Queen Elizabeth II paid tribute to the victims of the Manchester terror attack and the Grenfell Tower fire in London during her annual Christmas Day message Monday.
Speaking from Buckingham Palace, she told of the "privilege" of meeting those injured in the Manchester attack that killed 22 people attending an Ariana Grande concert.
She also commended the country's emergency services, which have endured a difficult year with a series of terror attacks in London.
The Queen also spoke about those who lost family members in the Grenfell Tower fire in which 71 people perished.
"For many, the idea of 'home' reaches beyond a physical building -- to a hometown or city," she said in her televised address.
"This Christmas, I think of London and Manchester, whose powerful identities shone through over the past 12 months in the face of appalling attacks. In Manchester, those targeted included children who had gone to see their favorite singer. A few days after the bombing, I had the privilege of meeting some of the young survivors and their parents.
"I describe that hospital visit as a privilege because the patients I met were an example to us all, showing extraordinary bravery and resilience. Indeed, many of those who survived the attack came together just days later for a benefit concert. It was a powerful reclaiming of the ground, and of the city those young people call home."
The UK has been hit by a number of terror attacks over the past year with three of those targeting London.
In March, a terrorist plowed his vehicle into pedestrians on London's Westminster Bridge, killing four people, before stabbing a police officer to death outside Parliament.
In June, a vehicle and knife attack left eight people dead in the London Bridge area of the capital.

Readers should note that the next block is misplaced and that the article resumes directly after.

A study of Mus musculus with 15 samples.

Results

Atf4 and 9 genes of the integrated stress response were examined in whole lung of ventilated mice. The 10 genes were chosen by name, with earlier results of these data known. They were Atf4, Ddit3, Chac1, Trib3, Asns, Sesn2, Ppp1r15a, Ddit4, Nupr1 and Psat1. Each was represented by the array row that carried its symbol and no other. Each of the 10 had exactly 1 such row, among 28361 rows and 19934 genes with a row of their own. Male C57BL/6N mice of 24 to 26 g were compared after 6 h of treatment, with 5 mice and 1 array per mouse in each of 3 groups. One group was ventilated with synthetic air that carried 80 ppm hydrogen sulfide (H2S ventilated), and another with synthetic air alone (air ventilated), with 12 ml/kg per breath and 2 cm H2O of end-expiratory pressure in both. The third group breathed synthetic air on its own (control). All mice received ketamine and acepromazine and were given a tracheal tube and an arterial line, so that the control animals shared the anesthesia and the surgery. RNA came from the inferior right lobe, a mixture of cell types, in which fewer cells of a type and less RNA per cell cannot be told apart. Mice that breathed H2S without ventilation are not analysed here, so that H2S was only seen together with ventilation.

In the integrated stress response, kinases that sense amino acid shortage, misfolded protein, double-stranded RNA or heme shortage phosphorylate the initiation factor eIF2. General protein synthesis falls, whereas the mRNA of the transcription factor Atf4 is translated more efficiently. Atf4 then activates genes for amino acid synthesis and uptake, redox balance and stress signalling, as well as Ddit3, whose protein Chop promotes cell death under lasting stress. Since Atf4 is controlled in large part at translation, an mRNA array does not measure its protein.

Later that month, one man died and nine people were hospitalized after a terrorist attack targeting London's Muslim community.
In Manchester, 22 were killed and 60 injured during May's suicide bomb attack on the city's concert hall.
The Queen also spoke of her pain of the tragedy of Grenfell Tower, as well as those who lost their homes and loved ones in Hurricanes Irma and Maria.
"We expect our homes to be a place of safety -- sanctuary even -- which makes it all the more shocking when the comfort they provide is shattered," she said.
"A few weeks ago, the Prince of Wales visited the Caribbean in the aftermath of hurricanes that destroyed entire communities. And here in London, who can forget the sheer awfulness of the Grenfell Tower fire?
"Our thoughts and prayers are with all those who died and those who lost so much; and we are indebted to members of the emergency services who risked their own lives, this past year, saving others. Many of them, of course, will not be at home today because they are working, to protect us."
The Queen also took the opportunity to speak of her 70 years of marriage to Prince Philip, and his decision to retire from public engagements.
She said that events of the past year made her "grateful for the blessings of home and family, and in particular for 70 years of marriage."
And she hinted at the arrival of new family members, with Meghan Markle and Prince Harry planning to marry in May, and the Duke and Duchess of Cambridge expecting their third child in April.
"I don't know that anyone had invented the term 'platinum' for a 70th wedding anniversary when I was born," she said.
"You weren't expected to be around that long. Even Prince Philip has decided it's time to slow down a little -- having, as he economically put it, 'done his bit.'
"But I know his support and unique sense of humor will remain as strong as ever, as we enjoy spending time this Christmas with our family and look forward to welcoming new members into it next year."